Christine Ehrick, Associate Professor of History at the University Louisville, talked about “Radio and the Gendered Soundscape: Women and Broadcasting in Argentina and Uruguay, 1930-1950” on the evening of Thursday, October 20, 2016 at Barnes & Noble (1680 Campbell Lane).
The next Far Away Places speaker is Christine Ehrick, Associate Professor of History at the University Louisville, who will be talking about “Radio and the Gendered Soundscape: Women and Broadcasting in Argentina and Uruguay, 1930-1950”. Ehrick is a native of Grand Forks, North Dakota who attended college at University of California, San Diego before receiving her MA and PhD from UCLA. She conducted extensive field work in Uruguay under an Institute for International Education Fulbright Fellowship.
Her first book The Shield of the Weak: Feminism and the State in Uruguay, 1903-1933 published by the University of New Mexico Press in 2005 is a comparative study of feminist political organizations and their relationships to the emergence of Latin America’s first “welfare state.”
A reviewer for the American Historical Review called it “one of the first monographs to address comprehensively the many feminist tendencies at work at the turnoff the twentieth century, and to place the history of those movements into dialogue with broader arguments about state formation and civil society.” She added that as Ehrick concludes “Uruguay created a European welfare state within the context of America’s frontier conditions of weak civil society, and feminist movements were critical to this process.”
In her newest book Radio and the Gendered Soundscape: Women and Broadcasting in Argentina and Uruguay, 1930-1950, published by Cambridge University Press in 2015, she describes the history of women’s voices on the radio in two of South America’s most important early radio markets. It’s a groundbreaking study in the historiography of Latin American radio and sheds light on neglected figures like Silvia Guerrico and Nené Cascallar while providing an innovative reconsideration of Eva Peron’s radio career.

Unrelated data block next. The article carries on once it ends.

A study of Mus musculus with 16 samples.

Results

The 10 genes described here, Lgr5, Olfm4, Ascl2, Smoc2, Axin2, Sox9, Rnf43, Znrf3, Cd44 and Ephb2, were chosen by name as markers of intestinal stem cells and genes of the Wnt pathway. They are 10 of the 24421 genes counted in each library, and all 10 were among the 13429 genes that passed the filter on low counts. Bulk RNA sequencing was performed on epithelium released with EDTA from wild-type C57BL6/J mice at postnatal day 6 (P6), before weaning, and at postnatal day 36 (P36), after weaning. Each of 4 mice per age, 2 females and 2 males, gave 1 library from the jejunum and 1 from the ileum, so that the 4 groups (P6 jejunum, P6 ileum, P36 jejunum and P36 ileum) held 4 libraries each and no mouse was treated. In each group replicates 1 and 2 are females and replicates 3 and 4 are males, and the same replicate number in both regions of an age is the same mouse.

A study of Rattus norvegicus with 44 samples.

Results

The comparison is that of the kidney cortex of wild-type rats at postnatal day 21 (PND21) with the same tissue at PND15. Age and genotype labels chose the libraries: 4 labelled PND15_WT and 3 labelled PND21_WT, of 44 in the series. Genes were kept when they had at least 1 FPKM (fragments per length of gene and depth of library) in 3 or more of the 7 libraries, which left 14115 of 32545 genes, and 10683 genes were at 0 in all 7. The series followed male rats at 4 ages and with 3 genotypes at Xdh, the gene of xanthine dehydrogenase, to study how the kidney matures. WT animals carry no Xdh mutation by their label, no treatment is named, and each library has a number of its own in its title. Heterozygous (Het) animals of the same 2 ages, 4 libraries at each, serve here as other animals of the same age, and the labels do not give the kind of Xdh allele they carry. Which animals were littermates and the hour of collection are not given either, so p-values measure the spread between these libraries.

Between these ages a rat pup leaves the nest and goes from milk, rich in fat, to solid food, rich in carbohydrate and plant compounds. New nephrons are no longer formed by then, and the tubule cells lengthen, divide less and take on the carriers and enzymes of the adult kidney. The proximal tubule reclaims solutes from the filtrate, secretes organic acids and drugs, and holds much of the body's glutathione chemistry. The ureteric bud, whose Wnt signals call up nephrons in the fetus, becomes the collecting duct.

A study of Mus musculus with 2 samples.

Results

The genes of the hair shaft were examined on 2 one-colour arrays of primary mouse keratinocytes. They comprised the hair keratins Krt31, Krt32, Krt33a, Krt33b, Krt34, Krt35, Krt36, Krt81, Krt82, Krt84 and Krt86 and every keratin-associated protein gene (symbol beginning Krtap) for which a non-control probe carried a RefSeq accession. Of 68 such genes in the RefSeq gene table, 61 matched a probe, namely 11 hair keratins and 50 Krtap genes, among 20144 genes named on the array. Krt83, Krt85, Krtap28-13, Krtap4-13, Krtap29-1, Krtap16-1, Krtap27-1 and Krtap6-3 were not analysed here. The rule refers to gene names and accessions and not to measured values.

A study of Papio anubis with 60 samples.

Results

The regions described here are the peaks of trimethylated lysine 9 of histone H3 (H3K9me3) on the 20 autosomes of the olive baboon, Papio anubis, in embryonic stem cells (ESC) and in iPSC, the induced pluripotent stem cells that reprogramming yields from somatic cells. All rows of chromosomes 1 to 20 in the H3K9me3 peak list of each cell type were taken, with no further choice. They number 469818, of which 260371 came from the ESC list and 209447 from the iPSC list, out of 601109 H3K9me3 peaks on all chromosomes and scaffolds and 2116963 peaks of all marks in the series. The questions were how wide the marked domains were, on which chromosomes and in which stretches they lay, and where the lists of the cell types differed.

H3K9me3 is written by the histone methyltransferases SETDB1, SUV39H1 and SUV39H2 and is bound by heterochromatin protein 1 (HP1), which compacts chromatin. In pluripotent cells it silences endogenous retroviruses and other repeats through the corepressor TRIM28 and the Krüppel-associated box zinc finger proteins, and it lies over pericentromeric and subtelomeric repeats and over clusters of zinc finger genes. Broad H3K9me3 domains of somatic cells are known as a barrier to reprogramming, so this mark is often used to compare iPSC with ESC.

Her most recent research explores gender, class and voice in Argentine comedy and children’s radio in the US and Latin America. In addition to a Fulbright she’s been the recipient of numerous research grants and awards including a National Endowment for the Humanities summer stipend in 2007. Her article, “To Serve the Nation: Domestic Servants, Social Assistance, and State Formation in Uruguay, 1910-1930” published in Social Science History was an Honorable Mention for the Conference on Latin American History’s 2006 Vanderwood Prize.
She’s taught at UCLA, the University of Northern Iowa and is presently an Associate Professor of History at the University of Louisville where she teaches classes on Modern Latin America, women’s and gender history, and the history of media and sound. She’s also a research associate for the Library of Congress Radio Preservation Task Force.
Join us to hear Christine Ehrick talk about her book Radio and the Gendered Soundscape: Women and Broadcasting in Argentina and Uruguay, 1930-1950 on Thursday, October 20 at 7:00 p.m. at Barnes & Noble (1680 Campbell Lane). The event is free and open to the public and ‘swipeable’ for WKU students, with door prizes to follow!